What is the Man in the Moon?
The Man in the Moon is the supposed image of a man's face that some cultures believe to be visible on the surface of the moon. Most people agree that the face is only apparent when the moon is full. The image is said to be formed by a series of dark areas imitating two eyes, a nose, and an open mouth. These areas are actually some of the Moon's seas, such as the Mare Imbrium and Serenitatis, which with people associate the man's eyes.
Legend has it that the Man in the Moon is an actual man. The oldest traditions claim the face to be that of Cain, who was sentenced to circle the Earth and watch forever what he could not have because of his betrayal. Other legends say it is an old man hauling a bunch of sticks. Shakespeare mentions him in A Midsummer Night's Dream, and refers to his lantern, thornbush, and dog. Even in ancient Rome and Egypt there were already legends explaining the face on the moon.
While most of the legends do not attribute a specific origin to the Man in the Moon, some societies have an esoteric explanation for the face. For example, the Inuits believe that he keeps safe the souls of men and animals who have passed away. In a similar fashion, the Nepalese believe it is actually the face of somebody who has passed away, as people who die go to the moon.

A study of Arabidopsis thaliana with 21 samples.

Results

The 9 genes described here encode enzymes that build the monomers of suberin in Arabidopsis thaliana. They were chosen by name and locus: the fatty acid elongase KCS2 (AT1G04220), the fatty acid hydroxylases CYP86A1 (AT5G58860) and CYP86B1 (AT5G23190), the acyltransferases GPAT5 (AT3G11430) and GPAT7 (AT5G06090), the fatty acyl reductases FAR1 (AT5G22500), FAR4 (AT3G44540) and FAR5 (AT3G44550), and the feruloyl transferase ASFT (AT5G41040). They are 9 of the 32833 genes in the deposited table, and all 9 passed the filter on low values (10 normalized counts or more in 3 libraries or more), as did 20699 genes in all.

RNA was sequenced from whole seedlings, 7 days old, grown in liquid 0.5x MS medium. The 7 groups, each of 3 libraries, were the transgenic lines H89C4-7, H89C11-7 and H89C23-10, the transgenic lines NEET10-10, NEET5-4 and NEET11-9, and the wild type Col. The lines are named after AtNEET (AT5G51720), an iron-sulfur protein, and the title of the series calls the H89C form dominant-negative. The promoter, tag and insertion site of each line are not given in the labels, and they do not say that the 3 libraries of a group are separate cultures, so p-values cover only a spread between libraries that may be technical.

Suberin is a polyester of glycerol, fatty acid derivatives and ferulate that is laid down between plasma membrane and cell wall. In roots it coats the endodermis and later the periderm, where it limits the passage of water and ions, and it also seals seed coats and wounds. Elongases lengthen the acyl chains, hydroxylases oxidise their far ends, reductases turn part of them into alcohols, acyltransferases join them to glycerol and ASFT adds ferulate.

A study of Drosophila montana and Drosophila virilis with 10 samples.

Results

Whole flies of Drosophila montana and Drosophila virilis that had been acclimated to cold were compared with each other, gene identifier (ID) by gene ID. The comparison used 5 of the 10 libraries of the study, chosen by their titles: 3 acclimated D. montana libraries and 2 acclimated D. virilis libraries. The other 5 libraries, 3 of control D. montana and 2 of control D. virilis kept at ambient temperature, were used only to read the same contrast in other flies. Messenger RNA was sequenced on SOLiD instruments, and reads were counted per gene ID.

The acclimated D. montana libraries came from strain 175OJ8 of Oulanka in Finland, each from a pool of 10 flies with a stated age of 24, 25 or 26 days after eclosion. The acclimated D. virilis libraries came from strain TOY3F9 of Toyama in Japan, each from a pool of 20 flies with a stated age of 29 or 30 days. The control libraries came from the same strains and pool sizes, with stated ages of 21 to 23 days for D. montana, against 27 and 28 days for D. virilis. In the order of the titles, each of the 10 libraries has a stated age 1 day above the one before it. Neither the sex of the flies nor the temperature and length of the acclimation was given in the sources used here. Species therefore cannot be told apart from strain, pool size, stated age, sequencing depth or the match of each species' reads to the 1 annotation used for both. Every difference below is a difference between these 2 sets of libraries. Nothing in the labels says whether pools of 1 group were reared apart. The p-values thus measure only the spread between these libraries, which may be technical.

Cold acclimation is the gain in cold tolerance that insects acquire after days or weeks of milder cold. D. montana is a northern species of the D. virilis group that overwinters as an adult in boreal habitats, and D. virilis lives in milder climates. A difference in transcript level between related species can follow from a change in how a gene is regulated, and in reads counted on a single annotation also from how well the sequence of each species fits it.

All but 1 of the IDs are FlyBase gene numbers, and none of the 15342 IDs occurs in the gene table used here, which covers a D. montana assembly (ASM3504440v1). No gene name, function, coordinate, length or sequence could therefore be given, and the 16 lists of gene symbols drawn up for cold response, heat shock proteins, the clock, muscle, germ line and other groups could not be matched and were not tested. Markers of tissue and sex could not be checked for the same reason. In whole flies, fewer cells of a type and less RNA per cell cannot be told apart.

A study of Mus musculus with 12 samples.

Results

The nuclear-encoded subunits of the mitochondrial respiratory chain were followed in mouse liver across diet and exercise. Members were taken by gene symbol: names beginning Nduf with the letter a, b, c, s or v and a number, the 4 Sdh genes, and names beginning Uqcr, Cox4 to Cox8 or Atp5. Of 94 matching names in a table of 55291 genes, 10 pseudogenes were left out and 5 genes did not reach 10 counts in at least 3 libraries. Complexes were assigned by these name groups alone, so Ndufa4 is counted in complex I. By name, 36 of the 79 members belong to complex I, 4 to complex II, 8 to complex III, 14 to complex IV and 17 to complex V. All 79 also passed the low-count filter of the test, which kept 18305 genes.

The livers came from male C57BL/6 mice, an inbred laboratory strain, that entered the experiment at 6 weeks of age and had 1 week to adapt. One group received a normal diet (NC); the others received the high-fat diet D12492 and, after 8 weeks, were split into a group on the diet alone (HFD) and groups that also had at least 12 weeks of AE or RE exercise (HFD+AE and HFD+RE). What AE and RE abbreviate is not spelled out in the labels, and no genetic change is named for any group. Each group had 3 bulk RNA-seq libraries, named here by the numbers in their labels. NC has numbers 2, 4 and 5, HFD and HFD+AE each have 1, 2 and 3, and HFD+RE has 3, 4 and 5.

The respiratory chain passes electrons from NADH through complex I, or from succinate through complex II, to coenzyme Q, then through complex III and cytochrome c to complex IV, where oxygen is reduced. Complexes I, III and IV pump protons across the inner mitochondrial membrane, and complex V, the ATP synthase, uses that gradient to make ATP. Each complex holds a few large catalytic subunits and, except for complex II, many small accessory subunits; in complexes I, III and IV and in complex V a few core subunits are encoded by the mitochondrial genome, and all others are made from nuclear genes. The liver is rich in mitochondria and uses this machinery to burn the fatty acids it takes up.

The Man in the Moon is not always seen as a man's — or even a human — face. In some cultures, it is a woman or an animal, and the most common figures include that of a rabbit or hare, a frog, or a buffalo. In modern times, people have identified plenty of images when looking at a full moon, depending on their belief system and environment. Unusual sightings include pirates, a man with glasses, a young girl, and a frog.
This one always bugged me. I could never see the man. Was I blind? What couldn't I see? But one day it was clear as day. It wasn't a face with a straight on view, but is actually a profile. Now every time I see the moon the man is in plain sight. It is similar to the image of George Washington on a quarter but with more hair.
Sometimes I still go outside at night and look for the man in the moon. There's just something comforting about knowing that everyone in the world grew up seeing the same thing I did.
I remember when I was a kid, I felt like I was the only one who couldn't see the "man in the moon". My mom would take me out to the backyard on full moon nights and try to point out the eyes and nose and mouth, but I just couldn't make it into a face. I think I was seeing all of those jagged ridges and dark patches as something else entirely.
I did get excited when Apollo 11 landed in 1969 and I could honestly say there was a man ON the moon.